A few days ago, I offered up some topics on my mind and asked which ones you might be interested in hearing more about. There were exactly four votes, and they were split four ways. Isn’t that always the way!
Since it’s Tuesday, and I haven’t done a Slice of Life entry in while, perhaps I’ll go ahead and make one person happy and write about a health issue and better living through chemistry.
I went to my doctor (finally—yes, I can be avoidant) for two reasons in August: 1) I knew I needed a mammogram, and I thought my primary care physician would need to order one, and 2) my knees were killing me. Seriously, I thought I might be developing arthritis. Walking up stairs could be excruciating. Walking downstairs often hurt, too. I had to lean on railings. I didn’t think it was normal for a woman my age to have such a hard time with my knees.
The first thing my doctor did was examine my knees. She didn’t see anything concerning, but she pointed out the way I pronate when I walk isn’t good for knees, and she looked at my ankles. “Did you sprain your ankles a lot as a kid?” she asked me. Yes, in fact, I did a few times. “You have weak ankles. They aren’t doing their share of the work, and they’re causing strain on your knees.” Just to be sure, she ordered an x-ray of my knees, but there was nothing to see there. She also ordered some routine lab tests—something I think she does with all new patients, but which no doctor I’ve ever had before actually did. My lab results revealed that I have an underactive thyroid.
If you don’t have any thyroid issues, you might not be aware of how many issues thyroid problems can cause. Many of them completely unrelated to one another (or so it seems).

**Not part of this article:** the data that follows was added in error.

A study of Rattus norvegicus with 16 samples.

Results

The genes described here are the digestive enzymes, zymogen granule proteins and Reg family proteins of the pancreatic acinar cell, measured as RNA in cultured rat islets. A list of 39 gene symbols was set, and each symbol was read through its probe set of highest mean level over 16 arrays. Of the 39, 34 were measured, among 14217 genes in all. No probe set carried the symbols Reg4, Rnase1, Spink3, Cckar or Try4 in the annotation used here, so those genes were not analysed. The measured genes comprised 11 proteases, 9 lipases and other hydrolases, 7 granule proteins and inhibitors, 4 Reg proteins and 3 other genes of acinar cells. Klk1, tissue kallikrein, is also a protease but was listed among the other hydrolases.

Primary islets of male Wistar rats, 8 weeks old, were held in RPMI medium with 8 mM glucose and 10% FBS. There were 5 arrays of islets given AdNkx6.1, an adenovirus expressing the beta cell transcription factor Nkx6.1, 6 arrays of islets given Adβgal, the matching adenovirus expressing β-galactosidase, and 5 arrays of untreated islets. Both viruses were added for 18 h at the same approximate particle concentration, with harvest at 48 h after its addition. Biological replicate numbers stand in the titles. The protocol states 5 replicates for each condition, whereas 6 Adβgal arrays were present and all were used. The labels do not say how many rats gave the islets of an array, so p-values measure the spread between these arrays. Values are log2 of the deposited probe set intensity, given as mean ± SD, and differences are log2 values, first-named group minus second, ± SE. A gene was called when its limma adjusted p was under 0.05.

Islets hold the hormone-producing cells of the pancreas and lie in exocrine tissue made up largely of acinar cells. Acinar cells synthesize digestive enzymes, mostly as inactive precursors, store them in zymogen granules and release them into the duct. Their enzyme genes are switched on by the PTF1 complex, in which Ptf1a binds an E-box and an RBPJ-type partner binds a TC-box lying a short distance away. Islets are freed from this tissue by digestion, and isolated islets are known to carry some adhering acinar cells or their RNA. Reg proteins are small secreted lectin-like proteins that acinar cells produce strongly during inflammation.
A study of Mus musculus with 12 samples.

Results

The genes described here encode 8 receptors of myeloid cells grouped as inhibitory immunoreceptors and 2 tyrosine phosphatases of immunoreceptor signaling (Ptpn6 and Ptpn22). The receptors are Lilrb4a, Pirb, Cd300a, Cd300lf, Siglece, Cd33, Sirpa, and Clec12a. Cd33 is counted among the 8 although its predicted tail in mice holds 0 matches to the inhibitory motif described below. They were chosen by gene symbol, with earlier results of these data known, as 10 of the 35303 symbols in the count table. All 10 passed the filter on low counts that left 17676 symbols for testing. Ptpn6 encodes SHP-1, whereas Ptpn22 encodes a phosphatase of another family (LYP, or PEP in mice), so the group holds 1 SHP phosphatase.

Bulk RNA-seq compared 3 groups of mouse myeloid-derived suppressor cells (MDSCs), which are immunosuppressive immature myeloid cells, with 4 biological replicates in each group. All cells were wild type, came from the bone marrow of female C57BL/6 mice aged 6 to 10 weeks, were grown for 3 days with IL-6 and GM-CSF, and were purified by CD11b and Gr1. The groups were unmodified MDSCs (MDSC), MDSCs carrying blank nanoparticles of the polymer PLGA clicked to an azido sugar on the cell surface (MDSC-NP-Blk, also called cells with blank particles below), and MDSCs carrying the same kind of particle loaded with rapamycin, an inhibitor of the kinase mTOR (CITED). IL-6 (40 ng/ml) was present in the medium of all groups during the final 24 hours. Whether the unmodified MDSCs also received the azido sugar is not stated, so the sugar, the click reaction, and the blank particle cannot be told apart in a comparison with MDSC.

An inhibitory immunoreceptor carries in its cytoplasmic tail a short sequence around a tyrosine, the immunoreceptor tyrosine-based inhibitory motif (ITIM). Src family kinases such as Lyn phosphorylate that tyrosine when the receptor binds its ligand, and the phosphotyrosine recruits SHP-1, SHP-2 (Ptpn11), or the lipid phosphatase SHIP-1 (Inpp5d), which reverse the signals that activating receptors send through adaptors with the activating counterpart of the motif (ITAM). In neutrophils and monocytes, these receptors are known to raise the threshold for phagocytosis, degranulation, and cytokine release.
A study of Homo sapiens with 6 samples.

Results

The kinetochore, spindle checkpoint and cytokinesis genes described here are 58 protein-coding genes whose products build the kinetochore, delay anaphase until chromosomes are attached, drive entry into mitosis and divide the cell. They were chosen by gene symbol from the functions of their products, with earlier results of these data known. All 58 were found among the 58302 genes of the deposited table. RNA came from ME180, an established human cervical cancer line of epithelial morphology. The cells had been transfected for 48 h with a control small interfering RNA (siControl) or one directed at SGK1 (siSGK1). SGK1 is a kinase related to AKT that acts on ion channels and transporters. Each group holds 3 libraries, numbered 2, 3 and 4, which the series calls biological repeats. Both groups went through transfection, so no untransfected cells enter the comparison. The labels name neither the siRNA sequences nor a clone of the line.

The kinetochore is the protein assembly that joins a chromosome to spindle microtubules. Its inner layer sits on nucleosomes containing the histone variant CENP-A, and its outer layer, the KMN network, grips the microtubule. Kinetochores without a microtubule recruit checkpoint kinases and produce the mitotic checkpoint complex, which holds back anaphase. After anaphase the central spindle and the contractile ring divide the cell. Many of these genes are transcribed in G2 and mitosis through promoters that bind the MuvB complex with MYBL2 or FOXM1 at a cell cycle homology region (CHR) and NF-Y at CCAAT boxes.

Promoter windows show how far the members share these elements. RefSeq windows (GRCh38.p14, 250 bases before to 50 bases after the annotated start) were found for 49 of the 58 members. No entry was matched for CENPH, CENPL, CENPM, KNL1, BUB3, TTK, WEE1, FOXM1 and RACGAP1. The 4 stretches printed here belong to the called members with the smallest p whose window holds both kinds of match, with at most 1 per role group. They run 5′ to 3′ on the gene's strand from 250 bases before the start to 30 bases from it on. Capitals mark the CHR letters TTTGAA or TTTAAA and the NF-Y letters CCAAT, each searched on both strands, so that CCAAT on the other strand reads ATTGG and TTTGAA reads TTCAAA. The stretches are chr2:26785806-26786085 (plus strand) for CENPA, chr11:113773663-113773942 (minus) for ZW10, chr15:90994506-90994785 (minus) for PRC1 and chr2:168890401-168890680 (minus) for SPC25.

My husband was growing increasingly concerned about my fatigue after work. I crashed on the couch almost every day. I thought I just had a lot to do at work, and it was exhausting me.
My anxiety was through the roof, though it had calmed down quite a bit since we bought a new car in March, as our old car was the focus of a lot of my anxiety.
I’ve gained some weight over the years, and I couldn’t do anything to take it off, which I chalked up to metabolism changes due to aging.
I was almost always cold. I thought this was normal for me. Everyone else was comfortable, but I was cold. I didn’t even consider this a health-related issue.
It never occurred to me that these symptoms were related. I didn’t even consider all of them big problems. My doctor prescribed medication for me, and I’ve been taking it since August. I can’t even explain how different I feel, but I’ll try.
The fatigue has improved a great deal. I have more energy. I rarely nap after school now, and when I do, it’s because I clearly didn’t get enough sleep the night before. A normal day with normal activity doesn’t exhaust me anymore.
The anxiety issue has been interesting. My medication is not supposed to decrease anxiety. In fact, it has been shown to increase it. However, hypothyroidism can cause depression. Depression and anxiety are often twins, and it stands to reason if depression is decreased, anxiety will be as well. Medication is probably not the only factor in my decreased anxiety, but I think it’s a factor for sure. In any case, my mood has changed. I feel a lot more chipper most of the time.
The weight thing, well, that will take time, and to be honest, I haven’t been trying to lose weight lately. I am not technically overweight, but I should exercise more.
I am no longer cold all the time. That one is weird for me. In fact, there have been a few occasions when I felt fine and others felt cold. I can’t explain how weird that makes me feel.
The knees are a bit better, and I understand that an underactive thyroid can contribute to joint pain. I have to wonder if my medication is helping my knees, too.
I have no idea how long I was suffering with this issue, and I do say suffering because it diminished my quality of life quite a bit. I can’t believe pills I spend less than $10.00 per month to take can make such a difference in my quality of life. I just feel so much better, and I feel happier.
Better living through chemistry, indeed.